Producer prices show no change in July
August 14, 2000
The Producer Price Index for Finished Goods showed no change in July, seasonally adjusted. This index posted a 0.6-percent advance in June following no change in May.
Prices for finished energy goods turned down 0.7 percent, after rising 5.1 percent in the previous month and caused July's deceleration in the finished goods index. By contrast, the index for consumer goods other than foods and energy edged upward, following a small decline in June.
From July 1999 to July 2000, a 19.2-percent advance in prices for finished energy goods led the 4.1-percent increase for the finished goods index. During the same period, prices for finished goods other than foods and energy rose 1.5 percent, and prices for finished consumer foods increased 2.1 percent.
These data are a product of the BLS Producer Price Index program. Find out more in Producer Price Indexes, July 2000, news release USDL 00-227. All producer price indexes are routinely subject to revision once, 4 months after original publication, to reflect the availability of late reports and corrections by respondents.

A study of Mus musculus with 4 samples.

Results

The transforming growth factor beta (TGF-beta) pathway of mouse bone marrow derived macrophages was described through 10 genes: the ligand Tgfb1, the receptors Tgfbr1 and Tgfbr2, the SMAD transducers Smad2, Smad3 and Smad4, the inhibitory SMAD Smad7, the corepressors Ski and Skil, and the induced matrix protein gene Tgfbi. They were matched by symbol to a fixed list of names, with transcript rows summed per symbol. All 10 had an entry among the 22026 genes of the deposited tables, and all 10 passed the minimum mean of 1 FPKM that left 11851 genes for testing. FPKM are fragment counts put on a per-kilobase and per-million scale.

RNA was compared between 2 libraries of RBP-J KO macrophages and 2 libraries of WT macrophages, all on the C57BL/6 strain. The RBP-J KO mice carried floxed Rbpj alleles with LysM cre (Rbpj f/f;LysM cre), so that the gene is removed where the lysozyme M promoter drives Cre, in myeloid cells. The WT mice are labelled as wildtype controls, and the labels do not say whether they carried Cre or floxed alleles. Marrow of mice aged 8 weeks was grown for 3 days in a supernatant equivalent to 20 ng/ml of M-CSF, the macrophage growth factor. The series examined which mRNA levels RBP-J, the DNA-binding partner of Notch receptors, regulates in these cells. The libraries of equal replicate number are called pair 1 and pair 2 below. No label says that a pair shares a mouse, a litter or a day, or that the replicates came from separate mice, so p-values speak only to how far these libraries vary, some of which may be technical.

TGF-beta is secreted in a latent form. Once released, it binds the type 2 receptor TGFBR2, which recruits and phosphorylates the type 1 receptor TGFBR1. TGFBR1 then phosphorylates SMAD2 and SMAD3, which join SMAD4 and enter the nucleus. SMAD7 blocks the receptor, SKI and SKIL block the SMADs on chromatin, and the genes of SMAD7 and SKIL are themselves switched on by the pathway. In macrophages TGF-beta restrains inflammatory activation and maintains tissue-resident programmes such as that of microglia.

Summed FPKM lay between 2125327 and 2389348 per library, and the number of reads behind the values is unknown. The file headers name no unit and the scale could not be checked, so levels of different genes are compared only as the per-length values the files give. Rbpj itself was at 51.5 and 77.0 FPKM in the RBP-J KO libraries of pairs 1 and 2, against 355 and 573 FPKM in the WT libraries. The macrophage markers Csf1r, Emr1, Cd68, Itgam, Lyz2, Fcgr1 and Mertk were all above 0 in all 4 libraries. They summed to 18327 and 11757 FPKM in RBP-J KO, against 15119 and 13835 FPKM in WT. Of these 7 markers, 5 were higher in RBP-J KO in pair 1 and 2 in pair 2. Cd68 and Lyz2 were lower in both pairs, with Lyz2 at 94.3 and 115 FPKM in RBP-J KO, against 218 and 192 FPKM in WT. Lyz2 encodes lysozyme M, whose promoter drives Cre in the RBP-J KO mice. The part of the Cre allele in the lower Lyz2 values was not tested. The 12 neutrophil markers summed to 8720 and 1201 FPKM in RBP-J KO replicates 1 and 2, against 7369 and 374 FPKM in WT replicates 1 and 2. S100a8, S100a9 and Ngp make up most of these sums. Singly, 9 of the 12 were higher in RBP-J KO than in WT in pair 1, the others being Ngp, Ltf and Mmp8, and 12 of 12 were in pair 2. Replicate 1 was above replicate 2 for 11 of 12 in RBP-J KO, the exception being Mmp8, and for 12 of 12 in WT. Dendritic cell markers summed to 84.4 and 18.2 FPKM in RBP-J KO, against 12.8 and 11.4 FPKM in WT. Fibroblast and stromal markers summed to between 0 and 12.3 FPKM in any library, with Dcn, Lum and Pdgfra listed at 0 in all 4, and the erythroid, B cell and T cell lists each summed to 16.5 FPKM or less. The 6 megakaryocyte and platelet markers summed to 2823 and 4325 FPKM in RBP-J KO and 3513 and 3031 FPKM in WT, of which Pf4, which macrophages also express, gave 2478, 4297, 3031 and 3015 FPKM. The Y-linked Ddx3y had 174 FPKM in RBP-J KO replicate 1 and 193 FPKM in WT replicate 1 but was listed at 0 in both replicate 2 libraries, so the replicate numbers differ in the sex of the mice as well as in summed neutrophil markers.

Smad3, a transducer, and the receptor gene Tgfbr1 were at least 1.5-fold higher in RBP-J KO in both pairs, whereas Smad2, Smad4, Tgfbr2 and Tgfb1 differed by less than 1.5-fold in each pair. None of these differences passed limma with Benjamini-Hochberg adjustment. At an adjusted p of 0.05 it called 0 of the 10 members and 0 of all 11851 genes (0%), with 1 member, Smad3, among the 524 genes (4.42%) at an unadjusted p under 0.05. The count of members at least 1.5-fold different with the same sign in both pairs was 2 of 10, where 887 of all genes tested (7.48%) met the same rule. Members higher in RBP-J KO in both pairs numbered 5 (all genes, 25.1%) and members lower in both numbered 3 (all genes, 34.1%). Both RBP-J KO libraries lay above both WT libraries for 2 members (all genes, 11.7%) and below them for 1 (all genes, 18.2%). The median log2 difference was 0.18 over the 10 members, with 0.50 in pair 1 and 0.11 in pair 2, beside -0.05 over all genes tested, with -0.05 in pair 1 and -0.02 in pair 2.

Bureau of Labor Statistics, U.S. Department of Labor, The Economics Daily, Producer prices show no change in July on the Internet at http://www.bls.gov/opub/ted/2000/aug/wk2/art01.htm (visited October 25, 2016).
Recent editions of Spotlight on Statistics
Workplace injuries and illnesses and employer costs for workers’ compensation
Workplace injury and illness data and the costs to employers for workers’ compensation in natural resources, construction, and maintenance occupations.
A look at the future of the U.S. labor force to 2060
Projected long-term trends in the growth, size, and composition of the labor force.
Union membership in the United States
Historical trends in union membership among employed wage and salary workers; union membership by a variety of demographic characteristics.
A look at healthcare spending, employment, pay, benefits, and prices
Spending on healthcare, current and projected employment in the industry, employer-provided healthcare benefits, healthcare prices, and pay for workers in healthcare occupations.
Self-employment in the United States
Trends in self-employment by various demographic and socioeconomic characteristics, including both the unincorporated and the incorporated self-employed, as well as data on paid employees who work for the self-employed.